The European Space Agency’s Philae probe, launched 10 years ago, has landed, or possibly bounced, on to a comet called 67P. This is a phenomenal feat, requiring nearly everything we know about astronomical science and math to work out nearly perfectly. Just how amazing is this?
1. It’s like throwing a baseball from home plate to the outfield, landing it perfectly in a pitching machine, which then tosses the baseball a few hundred yards more to land in the payload of a lit cannon, which fires the baseball a few miles away, allowing it to strike out Cal Ripken, Jr.
2. It’s like firing the final kill shot in a Call of Duty match, by throwing a cleaver all the way across the field to kill a terrorist controlled by the AI, after coding the cleaver into a game via a mod while the server is running live.
3. It’s like going to your favorite restaurant and having them serve the perfect meal, including a perfectly poached egg laid by a species of bird only recently discovered in the Amazonian rainforest, all of which you actually ordered and specified online eight months ago, when you were living overseas in Europe before you moved to the city where the restaurant is. Also, the chef turns out to be your long-lost brother.
4. It’s like rain on your wedding day. Which you accurately predicted six months ahead of time by tracking weather patterns and annual rainfall, picking the exact right location at the exact altitude so that the rain would stop just a few minutes before the ceremony and your beautiful wife-to-be could walk down the aisle to you with her father and see a perfect double rainbow overhead.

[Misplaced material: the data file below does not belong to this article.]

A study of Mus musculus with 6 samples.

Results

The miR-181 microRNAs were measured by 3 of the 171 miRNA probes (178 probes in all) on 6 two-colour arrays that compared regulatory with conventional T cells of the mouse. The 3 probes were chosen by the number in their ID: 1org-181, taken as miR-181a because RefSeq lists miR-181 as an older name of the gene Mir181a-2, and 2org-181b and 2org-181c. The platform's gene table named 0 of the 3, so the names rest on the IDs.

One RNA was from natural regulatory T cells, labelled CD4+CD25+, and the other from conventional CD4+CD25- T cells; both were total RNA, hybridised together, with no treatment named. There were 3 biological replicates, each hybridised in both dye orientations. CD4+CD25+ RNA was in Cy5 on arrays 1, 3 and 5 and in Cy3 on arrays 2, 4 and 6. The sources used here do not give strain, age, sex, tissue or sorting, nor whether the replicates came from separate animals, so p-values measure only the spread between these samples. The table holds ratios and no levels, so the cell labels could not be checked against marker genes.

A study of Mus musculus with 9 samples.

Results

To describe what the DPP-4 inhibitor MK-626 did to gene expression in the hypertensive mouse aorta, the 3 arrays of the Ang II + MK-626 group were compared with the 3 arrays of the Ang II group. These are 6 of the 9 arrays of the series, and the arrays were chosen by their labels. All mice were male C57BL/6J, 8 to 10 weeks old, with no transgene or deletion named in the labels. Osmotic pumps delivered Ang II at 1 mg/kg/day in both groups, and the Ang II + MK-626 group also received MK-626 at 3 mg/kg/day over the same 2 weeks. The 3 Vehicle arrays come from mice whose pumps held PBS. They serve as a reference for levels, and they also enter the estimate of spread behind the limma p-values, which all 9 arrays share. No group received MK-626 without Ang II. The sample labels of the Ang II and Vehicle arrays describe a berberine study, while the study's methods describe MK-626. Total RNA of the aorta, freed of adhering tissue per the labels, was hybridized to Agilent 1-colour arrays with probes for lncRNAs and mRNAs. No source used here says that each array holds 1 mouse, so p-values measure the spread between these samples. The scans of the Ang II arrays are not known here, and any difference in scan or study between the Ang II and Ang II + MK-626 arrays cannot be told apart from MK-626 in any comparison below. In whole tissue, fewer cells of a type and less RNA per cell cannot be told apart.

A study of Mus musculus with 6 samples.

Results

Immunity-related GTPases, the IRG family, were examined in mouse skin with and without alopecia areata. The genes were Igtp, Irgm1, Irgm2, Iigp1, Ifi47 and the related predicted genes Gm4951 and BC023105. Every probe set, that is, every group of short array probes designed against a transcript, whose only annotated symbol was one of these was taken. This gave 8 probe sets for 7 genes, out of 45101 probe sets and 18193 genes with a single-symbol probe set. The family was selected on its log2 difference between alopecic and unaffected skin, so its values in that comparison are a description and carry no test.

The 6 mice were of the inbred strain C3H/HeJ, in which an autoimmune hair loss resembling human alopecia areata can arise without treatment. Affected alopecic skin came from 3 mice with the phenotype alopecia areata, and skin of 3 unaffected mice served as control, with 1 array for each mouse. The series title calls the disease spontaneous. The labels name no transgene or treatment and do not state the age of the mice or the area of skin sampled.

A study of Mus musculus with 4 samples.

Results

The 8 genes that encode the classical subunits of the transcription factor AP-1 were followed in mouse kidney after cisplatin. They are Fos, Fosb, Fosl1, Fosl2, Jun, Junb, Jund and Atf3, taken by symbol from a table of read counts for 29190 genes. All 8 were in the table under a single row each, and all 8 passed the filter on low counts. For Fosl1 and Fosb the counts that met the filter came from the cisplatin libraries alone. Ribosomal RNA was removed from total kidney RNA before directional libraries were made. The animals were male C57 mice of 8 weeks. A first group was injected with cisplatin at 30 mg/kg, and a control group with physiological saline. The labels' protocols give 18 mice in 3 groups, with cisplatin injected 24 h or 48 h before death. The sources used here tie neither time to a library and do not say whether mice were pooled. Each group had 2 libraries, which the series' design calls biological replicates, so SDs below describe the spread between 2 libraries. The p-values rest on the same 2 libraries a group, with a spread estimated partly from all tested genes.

5. It’s like having such a progressive and educated population that they agree it’s very important to invest in science, technology, and mathematics education, not just for military applications, but for civilian research and space travel innovations. It’s like getting a widespread, voting population to understand that no matter what you think about climate change, our time on the planet as a species is limited, and we’re only going to fix that if we put a lot of work into figuring out a bigger and more sustainable way to travel to, and eventually live on other worlds. It’s like getting a critical mass of people who would rather support a bloated military to realize that bigger bombs and better weapons are examples of how to end the human race, rather than save it. In other words, it’s super, super awesome, extremely impressive, and, let’s be honest, awfully unlikely.
Posted on Wednesday, November 12th, 2014 at 10:37 pm. Filed under general.